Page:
January 16, 2003
Seven Detroit area residents were indicted yesterday in federal court in Detroit on charges of conspiring to defraud an agency of the United States, that is, the U.S. Department of Education, wire fraud, student financial aid fraud and false statements, United States Attorney Jeffrey G. Collins announced today.
Mahmoud Younis, 55, of Dearborn, Michigan, Walid Alsabbagh, age 40, of Dearborn, Michigan, Jamal Mourtada, 50, of Detroit, Michigan, Sahar Younes, 26, of Dearborn, Michigan, Muna Jaber, 46, of Dearborn, Michigan, Samira Mouzahem, 42, of Detroit, Michigan and Mariam Chbib Chbib, 39, of Dearborn, Michigan were charged in a four count indictment, said Collins, who was joined in the announcement by Secretary of Department of Education Rod Paige and Assistant Inspector General for Investigation, Donald Reid.
Younis was the owner of The Training Center (TTC) located on Schaefer Road in Dearborn, Michigan, Walid Alsabbagh was employed at TTC as an instructor, head of the computer department and registrar, Jamal Mourtada was the Director of Education and an instructor, Sahar Younes was an instructor and Muna Jaber was a financial aid assistant and admissions officer at TTC. Samira Mouzahem and Mariam Chbib Chbib were, at one time, students at TTC.
The Department of Education (DOE) provides financial aid to eligible institutions on behalf of eligible students in the form of Federal Pell grants, Supplemental Educational Opportunity Grants and Federal Family Education Loans. In order for a student to be eligible to receive federal financial aid, the student must possess a high school diploma or its equivalent - a General Educational Development (GED) certificate, or has obtained a passing score on an independently administered test. For a school to qualify to receive DOE funds it must obtain a state licensor and accreditation by a recognized accrediting organization and must agree to follow all of the DOE regulations relating to the disbursement and accounting of DOE funds.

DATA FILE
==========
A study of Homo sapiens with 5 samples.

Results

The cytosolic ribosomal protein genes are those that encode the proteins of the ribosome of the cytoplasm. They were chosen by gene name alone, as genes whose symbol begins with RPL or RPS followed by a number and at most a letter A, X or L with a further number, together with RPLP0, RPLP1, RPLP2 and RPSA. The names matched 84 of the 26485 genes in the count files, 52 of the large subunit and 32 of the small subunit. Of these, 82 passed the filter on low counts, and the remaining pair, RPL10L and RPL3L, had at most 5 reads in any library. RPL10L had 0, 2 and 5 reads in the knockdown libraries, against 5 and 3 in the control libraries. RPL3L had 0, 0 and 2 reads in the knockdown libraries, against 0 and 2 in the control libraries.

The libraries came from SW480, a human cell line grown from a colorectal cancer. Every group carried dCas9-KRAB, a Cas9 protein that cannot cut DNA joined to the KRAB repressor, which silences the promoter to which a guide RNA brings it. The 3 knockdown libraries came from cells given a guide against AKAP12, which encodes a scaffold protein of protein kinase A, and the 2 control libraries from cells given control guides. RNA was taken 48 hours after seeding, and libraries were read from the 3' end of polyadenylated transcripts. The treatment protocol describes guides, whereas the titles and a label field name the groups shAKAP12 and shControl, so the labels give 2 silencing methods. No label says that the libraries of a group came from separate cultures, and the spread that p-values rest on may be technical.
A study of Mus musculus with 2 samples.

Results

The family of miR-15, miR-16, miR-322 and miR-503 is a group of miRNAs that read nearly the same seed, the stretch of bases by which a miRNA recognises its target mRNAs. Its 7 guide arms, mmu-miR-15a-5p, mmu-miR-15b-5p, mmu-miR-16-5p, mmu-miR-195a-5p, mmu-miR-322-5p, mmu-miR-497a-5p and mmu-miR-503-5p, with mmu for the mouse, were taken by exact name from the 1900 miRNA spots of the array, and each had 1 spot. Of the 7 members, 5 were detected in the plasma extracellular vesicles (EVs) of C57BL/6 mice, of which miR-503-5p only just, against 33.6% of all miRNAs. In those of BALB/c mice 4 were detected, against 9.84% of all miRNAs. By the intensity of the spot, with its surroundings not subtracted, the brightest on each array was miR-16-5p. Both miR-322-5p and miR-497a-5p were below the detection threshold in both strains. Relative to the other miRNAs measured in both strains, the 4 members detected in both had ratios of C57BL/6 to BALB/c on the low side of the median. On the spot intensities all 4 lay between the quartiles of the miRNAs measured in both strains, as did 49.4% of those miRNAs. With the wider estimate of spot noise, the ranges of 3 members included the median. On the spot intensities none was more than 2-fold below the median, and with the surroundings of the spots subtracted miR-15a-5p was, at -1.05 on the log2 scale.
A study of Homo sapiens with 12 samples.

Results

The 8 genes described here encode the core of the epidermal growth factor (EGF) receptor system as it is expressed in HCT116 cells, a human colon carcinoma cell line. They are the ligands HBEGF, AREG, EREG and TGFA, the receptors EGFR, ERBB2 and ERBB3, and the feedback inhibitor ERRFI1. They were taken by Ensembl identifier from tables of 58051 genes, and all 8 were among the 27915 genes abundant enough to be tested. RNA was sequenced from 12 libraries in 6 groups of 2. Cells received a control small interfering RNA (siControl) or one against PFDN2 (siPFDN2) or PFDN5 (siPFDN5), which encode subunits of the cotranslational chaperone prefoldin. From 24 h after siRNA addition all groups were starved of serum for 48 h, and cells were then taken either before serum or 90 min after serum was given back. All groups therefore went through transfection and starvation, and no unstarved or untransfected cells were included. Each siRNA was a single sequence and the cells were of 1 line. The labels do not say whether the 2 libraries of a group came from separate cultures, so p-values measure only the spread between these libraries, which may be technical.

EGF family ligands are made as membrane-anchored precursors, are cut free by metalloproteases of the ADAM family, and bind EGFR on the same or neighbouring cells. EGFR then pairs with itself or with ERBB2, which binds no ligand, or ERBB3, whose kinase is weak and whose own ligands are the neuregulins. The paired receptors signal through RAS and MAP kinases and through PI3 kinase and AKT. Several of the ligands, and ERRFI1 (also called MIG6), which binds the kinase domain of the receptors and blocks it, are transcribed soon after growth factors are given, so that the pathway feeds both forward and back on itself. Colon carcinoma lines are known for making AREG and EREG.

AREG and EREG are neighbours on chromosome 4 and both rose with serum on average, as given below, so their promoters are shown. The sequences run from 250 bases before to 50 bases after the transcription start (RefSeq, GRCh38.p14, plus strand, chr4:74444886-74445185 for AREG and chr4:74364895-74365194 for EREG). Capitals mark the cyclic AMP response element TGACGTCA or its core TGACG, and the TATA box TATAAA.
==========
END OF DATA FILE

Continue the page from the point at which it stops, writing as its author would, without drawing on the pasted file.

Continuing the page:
The indictment alleges that defendants Younis, Alsabbagh, Mourtada, Younes and Jaber falsified or directed the falsification of records and violated regulations in order to continue accreditation and to receive funds from the DOE by falsifying G.E.D. certificates, high school diplomas, Ability to Benefit Test and certifications of foreign high school education. In addition, records of students enrolled in or attending classes in ineligible programs were altered and falsified to make it appear as though the students were in an eligible program. The ineligible programs included English as a second language and automated computer aided design. The funds that DOE provided were used for purposes other than to further student education. The amount of loss suffered by the Department of Education is estimated to be approximately $875,000.
Defendants Mouzhem and Chbib are charged with making a false statement in that they claimed to have completed their high school education in a foreign country in order to be eligible for student financial aid funds.
Each count carries a maximum penalty of 5 years in prison. Any sentence will be imposed under the United States Sentencing Guidelines according to the nature of the offense and the criminal background, if any, of the defendants.
An indictment is only charge and is not evidence of guilt. A defendant is entitled to a fair trial in which it will be the government's burden to prove guilty beyond a reasonable doubt.
The case was investigated by the Office of Inspector General, U.S. Department of Education.